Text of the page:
Amid a drawn-out review of Austin policies prohibiting wheeling and dealing on contracts while they’re out to bid, the city might get a test of what issuing a major contract without lobbying restrictions looks like.
City waste contracts and the lobbying restrictions that accompany them have been on pause since April, when political disputes over how they are handled halted the issuing of new contracts and spurred a stakeholder process to change rules. That process might take at least another six months, city staffers told City Council members Tuesday.
In the meantime, the city needs a new biosolids contract to handle the piles of compost from human waste that have been piling up at the Hornsby Bend wastewater treatment plant. Council members agreed to allow that contract to proceed — free of any lobbying restrictions.
That’s a concern to Council Member Alison Alter, who, along with her colleagues Jimmy Flannigan, Greg Casar and Ora Houston, will sponsor an item Thursday to put in place limited, temporary anti-lobbying measures. Their proposal would keep companies from pushing council members on the biosolids contract specifically, while allowing them to still weigh in on the lobbying measures overall.
“We need to be careful about the message that we send about how we make our choices about contracts,” Alter said. “Not having an anti-lobbying ordinance in place for this contract suggests things that I’m very uncomfortable with.”
Staff members recommended Alter’s item on the basis that it’s as close to what previous policies have been, but not as strict.
But at a workshop Tuesday, the measure didn’t seem to find much support from other council members, several of whom said they weren’t concerned about being lobbied ahead of having to make a contract determination.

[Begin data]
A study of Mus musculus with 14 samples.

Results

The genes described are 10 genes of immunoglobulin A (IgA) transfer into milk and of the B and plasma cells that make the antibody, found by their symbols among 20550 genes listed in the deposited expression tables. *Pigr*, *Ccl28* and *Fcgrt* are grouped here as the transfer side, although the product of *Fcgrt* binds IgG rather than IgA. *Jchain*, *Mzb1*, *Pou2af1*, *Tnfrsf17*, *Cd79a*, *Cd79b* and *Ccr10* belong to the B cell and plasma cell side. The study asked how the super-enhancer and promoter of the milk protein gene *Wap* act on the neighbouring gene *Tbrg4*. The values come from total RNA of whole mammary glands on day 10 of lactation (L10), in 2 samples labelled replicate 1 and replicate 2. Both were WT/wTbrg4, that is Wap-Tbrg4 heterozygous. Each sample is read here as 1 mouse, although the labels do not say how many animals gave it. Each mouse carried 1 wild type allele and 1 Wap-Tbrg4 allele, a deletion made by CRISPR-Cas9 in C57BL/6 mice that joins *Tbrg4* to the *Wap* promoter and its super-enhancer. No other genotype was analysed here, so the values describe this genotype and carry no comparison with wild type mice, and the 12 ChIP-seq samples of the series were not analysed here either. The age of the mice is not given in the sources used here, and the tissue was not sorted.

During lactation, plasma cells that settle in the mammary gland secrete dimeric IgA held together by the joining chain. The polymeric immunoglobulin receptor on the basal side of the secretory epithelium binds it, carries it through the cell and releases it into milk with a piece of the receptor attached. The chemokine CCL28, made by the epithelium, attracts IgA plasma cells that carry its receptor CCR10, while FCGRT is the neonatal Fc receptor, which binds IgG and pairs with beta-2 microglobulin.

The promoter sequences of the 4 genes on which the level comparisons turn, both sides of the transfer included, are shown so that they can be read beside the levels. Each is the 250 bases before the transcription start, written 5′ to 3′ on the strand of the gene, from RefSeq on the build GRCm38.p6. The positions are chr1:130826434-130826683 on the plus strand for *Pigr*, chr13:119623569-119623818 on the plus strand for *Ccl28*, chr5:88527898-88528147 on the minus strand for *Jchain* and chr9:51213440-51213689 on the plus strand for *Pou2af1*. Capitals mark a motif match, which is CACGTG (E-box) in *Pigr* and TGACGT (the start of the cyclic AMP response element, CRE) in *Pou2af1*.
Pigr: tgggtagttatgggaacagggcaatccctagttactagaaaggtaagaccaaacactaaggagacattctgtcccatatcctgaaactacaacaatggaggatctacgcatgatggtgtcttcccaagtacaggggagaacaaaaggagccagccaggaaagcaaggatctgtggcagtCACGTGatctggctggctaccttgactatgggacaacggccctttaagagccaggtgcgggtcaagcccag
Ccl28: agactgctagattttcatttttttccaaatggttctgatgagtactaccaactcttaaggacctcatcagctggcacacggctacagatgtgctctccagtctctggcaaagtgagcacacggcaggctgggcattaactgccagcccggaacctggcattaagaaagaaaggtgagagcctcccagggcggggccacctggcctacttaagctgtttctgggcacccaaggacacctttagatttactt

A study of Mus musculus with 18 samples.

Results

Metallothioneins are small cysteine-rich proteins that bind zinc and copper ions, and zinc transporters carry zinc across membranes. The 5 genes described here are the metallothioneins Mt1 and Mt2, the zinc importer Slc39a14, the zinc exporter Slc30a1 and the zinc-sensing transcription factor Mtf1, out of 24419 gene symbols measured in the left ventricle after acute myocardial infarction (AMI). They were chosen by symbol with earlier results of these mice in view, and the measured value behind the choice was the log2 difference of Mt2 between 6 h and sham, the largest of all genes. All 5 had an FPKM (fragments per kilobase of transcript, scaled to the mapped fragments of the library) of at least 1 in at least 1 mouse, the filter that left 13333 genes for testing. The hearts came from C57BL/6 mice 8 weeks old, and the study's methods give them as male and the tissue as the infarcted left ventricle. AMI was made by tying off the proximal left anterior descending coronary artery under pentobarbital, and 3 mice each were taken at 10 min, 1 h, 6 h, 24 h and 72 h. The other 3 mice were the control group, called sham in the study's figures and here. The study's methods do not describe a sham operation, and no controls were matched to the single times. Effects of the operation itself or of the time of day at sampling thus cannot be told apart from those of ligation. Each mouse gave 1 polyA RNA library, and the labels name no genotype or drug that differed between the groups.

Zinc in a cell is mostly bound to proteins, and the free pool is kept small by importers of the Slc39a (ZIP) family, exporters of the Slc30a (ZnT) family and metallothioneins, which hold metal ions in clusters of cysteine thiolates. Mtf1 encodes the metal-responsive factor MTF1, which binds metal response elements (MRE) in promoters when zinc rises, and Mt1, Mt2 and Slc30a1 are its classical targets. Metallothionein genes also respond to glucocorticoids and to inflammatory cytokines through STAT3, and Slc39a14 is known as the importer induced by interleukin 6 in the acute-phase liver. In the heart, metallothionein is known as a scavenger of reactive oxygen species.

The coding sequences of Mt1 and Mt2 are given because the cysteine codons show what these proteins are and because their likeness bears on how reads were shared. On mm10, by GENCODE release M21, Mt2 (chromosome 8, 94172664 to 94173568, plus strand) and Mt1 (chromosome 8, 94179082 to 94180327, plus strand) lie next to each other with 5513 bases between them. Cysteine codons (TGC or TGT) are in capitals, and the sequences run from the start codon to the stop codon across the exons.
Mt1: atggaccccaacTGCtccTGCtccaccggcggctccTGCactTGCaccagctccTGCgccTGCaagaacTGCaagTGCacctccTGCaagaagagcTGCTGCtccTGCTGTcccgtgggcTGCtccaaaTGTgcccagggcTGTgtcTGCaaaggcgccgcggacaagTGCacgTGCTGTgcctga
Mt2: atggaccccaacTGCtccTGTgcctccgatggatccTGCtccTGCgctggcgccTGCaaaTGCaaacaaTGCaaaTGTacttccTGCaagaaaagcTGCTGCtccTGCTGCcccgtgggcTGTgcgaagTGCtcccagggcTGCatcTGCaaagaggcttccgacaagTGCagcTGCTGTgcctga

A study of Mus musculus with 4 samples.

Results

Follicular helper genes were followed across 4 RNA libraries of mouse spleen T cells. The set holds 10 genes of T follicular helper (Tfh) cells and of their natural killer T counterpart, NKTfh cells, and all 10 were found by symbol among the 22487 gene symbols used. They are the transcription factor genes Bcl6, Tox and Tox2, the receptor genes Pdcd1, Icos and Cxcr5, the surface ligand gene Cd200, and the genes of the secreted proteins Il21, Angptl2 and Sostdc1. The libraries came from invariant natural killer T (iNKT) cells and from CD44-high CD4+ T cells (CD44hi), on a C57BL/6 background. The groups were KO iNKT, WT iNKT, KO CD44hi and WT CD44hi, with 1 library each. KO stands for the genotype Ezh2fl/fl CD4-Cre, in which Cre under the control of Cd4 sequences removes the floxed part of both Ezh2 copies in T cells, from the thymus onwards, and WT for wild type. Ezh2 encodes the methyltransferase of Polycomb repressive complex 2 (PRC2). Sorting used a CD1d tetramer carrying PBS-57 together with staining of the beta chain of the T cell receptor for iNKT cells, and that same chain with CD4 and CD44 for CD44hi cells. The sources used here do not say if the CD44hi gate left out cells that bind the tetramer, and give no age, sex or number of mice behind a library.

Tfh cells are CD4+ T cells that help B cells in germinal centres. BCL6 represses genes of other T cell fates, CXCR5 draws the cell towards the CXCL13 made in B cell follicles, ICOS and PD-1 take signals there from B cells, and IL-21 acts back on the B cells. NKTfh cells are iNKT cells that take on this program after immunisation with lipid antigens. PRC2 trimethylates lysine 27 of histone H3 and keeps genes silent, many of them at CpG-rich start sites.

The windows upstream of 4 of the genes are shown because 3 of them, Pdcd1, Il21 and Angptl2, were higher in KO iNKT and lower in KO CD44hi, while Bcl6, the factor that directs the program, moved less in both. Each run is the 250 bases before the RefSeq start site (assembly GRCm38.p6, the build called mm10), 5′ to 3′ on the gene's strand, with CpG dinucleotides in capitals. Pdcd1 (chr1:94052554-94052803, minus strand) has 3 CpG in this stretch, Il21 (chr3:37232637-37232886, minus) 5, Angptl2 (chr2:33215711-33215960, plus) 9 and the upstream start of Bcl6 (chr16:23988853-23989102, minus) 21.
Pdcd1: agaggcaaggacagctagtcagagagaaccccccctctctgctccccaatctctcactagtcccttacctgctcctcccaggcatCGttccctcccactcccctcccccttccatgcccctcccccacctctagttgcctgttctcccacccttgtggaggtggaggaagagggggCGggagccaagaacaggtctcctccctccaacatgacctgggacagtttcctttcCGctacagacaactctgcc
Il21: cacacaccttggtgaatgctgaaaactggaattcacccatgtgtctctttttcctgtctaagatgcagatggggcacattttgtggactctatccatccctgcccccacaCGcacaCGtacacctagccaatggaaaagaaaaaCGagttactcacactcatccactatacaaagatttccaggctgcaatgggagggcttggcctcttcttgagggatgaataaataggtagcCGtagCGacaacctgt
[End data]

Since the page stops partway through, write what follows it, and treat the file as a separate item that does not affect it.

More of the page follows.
“Worst case scenario, someone calls up a council member and tries to convince them to give them the contract,” Council Member Delia Garza said.
She and others lodged concerns that business owners and environmental groups that have agreed to trust the review process might consider even temporary measures to be jumping the gun, before decisions have been formally made.
The largest critic of city lobbying processes has been Creedmoor-based waste company Texas Disposal Systems. It largely prompted the review of the lobbying restrictions by, in recent years, refusing to operate within them. The company would decline to submit proposals for jobs and instead lobby to be hired outside of that process, clashing with the city’s staff and making enemies of competing companies.
Monday, Texas Disposal Systems President Bob Gregory sent an extensive email to more than 55 council and staff members, urging them to reject Alter’s stopgap proposal and threatening to refuse to participate if it moves forward.
“TDS would be forced to make any proposal to provide biosolids composting services to the city outside of the staff’s procurement process,” Gregory wrote.
He said anti-lobbying restrictions were an assault on his freedom of speech and accused staff members of rigging the biosolids contract solicitation with scoring matrices unfair to regional businesses that sit just outside of city limits.
Alter accused her colleagues of allowing Texas Disposal Systems to bully them into setting policy.
“We have unleashed a process where we are allowing one company to rewrite the (anti-lobbying ordinance) for one industry, when this affects 40,000 companies,” she said. “I want to be very clear: The risk (of my proposal) is that one company decides not to bid, and that is what they will say, and they will come bully the council. … It may be time that we call their bluff.”